In the late 1990s, the National Association of Realtors was faced with its worse fear: What if people didn’t need Real estate agents anymore because everyone could find house ads online without the need of the NAR Multiple Listing Service?
But a funny thing happened on the way to the grave for NAR: Instead of shrinking, its membership grew by hundreds of thousands as the housing boom really took off. Why did people need a human agent when they could find available homes by themselves? Because a useful agent is one who can tell you things not included in an online ad.
When we realized we were serious about searching for a new home to buy, we understood we needed a real estate agent to represent us. Agents certainly still serve the function of pointing you in the direction of homes that meet your criteria, but they increasingly are seen as critical for an even more important reason. They help you navigate your way through the incredibly complicated and stressful process of searching for and buying a home.
Your friends’ referrals of agents is probably the most common method of finding someone, but don’t let your friends and family pressure you into using their agent just because they liked that person. The circumstances of those buyers might have been completely different from yours, so what you really need to know is how an agent could help in any likely scenario.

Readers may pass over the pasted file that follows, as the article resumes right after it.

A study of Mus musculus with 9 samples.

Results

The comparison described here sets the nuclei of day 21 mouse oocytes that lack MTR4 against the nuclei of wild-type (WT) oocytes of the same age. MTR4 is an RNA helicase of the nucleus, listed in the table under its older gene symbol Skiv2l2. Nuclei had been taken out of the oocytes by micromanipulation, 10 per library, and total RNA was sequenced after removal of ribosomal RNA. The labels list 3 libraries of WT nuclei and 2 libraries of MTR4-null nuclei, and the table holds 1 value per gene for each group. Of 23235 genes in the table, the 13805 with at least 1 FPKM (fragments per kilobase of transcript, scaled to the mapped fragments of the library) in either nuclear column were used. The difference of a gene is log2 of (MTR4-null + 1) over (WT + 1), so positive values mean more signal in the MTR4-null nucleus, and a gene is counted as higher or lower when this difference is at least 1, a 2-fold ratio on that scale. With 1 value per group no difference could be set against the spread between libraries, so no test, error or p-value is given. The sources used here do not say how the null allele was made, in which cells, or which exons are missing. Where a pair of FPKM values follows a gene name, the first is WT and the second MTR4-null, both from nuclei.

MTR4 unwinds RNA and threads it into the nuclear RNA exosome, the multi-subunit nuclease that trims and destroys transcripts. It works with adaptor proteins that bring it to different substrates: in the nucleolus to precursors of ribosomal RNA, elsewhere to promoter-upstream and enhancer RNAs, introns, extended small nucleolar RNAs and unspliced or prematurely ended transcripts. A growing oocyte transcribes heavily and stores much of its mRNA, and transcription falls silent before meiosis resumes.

In our case, we lucked out. A friend recommended the agent who helped her buy her last home, but it was the way she recommended him that made him stand out. She said he really knew the business, would be a perfect guide and defender for us, would never pressure us to make a decision, and wouldn’t show us pointless houses outside our selected parameters. In every detail, she turned out to be correct.
That human touch — of market experience, of the ins and outs of the closing experience, of hand-holding through the nerve-wracking bidding process — is where our agent really paid off. He took us through the entire process, calming us when we wanted to freak out about complications from the lender (there are almost always complications), guiding us through the counter-offers, answering our text messages at 10 p.m. on Academy Awards night, encouraging us when we were getting particularly stressed, and giving us hard, useful facts when we needed to know the particulars of tax law or earthquake vulnerability.